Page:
John, you’ve already noted the irony of William Safire’s death on the eve of Yom Kippur, given that Safire was known for his annual break-the-fast party. In addition to the party, there are at least two more interesting links between the late columnist and speechwriter and the holiest of days in the Jewish calendar.
In 1968, while on the Nixon presidential campaign trail, Safire told Richard Nixon that he would not be working the next day because of Yom Kippur. Nixon’s somewhat condescending reaction was “You go all the way, the cap, the shawl, and everything? Good for you!”
Two years later, Safire was a White House speechwriter, on loan to Vice President Spiro Agnew for the off-year election campaign. Agnew was barnstorming the country, giving a series of hard-hitting campaign speeches, and Safire was contributing catchy phrases like “nattering nabobs of negativism” to describe the liberal cultural elite. The day before Yom Kippur, Safire left the Agnew campaign for 36 hours to fly cross-country to Washington, arriving at Adas Israel synagogue on Connecticut Avenue just in time for the Kol Nidre service that signals the onset of the holiday.
Unfortunately, the synagogue’s rabbi considered himself a bit of a political speechwriter as well, and gave an overly political and unbecoming sermon that evening condemning “those who would use alliteration to polarize our society.” As Safire put it in his book Before the Fall, “that’s all I needed; the ‘nattering nabobs of negativism’ was not a sin I had come to atone for.” Yitzhak Rabin, who was the Israeli ambassador to Washington at the time, comforted Safire after the sermon and later told the rabbi that he felt the attack was inappropriate, something for which Safire was forever grateful.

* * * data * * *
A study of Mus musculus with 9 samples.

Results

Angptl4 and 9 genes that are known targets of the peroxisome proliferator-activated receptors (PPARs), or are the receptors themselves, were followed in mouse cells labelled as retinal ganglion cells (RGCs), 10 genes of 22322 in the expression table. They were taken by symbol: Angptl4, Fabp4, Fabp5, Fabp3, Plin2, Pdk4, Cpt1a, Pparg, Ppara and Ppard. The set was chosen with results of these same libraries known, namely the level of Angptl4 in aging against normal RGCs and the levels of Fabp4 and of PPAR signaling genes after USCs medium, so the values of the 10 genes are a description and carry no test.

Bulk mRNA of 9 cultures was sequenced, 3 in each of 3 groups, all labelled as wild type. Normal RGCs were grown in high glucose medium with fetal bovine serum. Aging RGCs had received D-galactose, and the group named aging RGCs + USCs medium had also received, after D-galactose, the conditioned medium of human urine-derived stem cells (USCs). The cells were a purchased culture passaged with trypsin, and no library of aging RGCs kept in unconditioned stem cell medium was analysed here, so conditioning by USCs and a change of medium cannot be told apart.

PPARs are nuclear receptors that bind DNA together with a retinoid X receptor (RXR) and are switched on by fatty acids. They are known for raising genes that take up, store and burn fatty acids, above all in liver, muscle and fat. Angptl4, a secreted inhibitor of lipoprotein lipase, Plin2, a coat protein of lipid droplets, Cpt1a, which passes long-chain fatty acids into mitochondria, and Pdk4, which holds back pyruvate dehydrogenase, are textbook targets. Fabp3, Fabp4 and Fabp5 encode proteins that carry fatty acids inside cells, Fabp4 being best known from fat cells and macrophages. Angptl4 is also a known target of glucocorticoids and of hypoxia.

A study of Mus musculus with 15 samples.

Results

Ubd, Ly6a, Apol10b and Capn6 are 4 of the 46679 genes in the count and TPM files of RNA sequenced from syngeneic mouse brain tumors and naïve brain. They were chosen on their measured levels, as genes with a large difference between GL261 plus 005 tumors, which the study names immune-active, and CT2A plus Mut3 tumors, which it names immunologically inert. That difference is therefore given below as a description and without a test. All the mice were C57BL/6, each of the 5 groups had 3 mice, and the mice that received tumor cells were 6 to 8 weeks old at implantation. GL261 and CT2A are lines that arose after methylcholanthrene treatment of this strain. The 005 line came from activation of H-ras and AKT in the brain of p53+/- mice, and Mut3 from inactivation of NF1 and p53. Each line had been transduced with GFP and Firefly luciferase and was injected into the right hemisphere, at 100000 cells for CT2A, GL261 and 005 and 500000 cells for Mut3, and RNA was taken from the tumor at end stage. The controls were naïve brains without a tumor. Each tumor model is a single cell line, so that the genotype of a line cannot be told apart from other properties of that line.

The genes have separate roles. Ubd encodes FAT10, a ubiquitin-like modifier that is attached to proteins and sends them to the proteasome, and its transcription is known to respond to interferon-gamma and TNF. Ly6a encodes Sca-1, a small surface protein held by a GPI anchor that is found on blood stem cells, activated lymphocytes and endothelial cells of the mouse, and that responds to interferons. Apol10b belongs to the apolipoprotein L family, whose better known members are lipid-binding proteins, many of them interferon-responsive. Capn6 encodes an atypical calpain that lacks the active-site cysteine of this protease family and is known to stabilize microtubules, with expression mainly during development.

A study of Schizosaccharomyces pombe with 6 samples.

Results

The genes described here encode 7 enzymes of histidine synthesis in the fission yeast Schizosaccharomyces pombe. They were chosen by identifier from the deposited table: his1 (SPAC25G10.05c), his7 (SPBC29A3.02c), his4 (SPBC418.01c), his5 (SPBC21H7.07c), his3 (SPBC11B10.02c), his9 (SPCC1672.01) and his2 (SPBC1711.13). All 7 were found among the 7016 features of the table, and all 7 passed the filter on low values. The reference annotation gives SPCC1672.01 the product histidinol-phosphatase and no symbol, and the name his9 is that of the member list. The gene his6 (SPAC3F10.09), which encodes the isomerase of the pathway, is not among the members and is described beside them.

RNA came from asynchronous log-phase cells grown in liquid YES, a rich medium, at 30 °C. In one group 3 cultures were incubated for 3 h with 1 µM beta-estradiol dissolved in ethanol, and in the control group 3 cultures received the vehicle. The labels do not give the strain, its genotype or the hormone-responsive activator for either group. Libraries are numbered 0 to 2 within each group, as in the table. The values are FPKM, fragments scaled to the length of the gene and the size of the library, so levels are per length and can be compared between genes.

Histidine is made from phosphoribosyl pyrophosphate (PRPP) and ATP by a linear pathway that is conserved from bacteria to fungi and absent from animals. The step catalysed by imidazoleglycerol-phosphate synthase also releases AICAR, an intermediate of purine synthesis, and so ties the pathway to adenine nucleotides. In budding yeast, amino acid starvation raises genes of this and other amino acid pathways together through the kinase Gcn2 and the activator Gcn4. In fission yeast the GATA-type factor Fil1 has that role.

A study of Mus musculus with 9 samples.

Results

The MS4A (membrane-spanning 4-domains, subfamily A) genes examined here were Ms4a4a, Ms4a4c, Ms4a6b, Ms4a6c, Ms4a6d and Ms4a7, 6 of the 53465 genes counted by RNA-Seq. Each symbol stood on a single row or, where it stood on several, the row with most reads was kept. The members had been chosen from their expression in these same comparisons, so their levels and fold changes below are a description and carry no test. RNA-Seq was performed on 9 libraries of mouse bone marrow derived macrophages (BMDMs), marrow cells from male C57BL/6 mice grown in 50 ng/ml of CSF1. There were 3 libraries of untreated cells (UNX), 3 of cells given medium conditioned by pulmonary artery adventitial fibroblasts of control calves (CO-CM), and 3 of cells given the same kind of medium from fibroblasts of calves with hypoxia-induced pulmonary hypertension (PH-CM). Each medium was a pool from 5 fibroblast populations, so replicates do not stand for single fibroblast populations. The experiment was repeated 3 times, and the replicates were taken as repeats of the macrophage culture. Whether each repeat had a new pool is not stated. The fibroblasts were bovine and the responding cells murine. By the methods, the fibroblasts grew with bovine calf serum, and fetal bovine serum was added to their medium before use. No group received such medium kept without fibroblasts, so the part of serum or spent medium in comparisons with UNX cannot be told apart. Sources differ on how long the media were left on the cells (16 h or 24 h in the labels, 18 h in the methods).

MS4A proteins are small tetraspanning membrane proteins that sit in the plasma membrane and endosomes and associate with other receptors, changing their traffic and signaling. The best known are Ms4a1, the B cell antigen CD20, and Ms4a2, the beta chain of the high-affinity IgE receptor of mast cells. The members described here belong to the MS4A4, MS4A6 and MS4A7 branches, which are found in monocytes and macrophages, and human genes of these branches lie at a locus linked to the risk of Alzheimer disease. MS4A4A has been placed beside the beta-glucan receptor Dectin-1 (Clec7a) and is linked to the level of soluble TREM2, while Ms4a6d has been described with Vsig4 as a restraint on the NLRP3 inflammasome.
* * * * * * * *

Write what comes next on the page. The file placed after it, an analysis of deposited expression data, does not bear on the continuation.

Two and a half decades later, Safire and Rabin were reunited at a dinner at the Israeli embassy. The two men got into a heated discussion about the Oslo peace process and, according to Safire, “the man sitting at the table between us—Secretary of State Warren Christopher, who never breaches protocol—blanched at the seeming heatedness of the exchange.” Rabin then told the story of that long ago Yom Kippur and explained to Christopher, “That’s why we can get angry with each other today without getting angry with each other.”
The famously uptight Christopher probably remained mortified nonetheless, but Safire recounted that he “walked out of the Ambassador’s residence that night with a good, hot column for my paper and a good, warm feeling for Yitzhak Rabin.”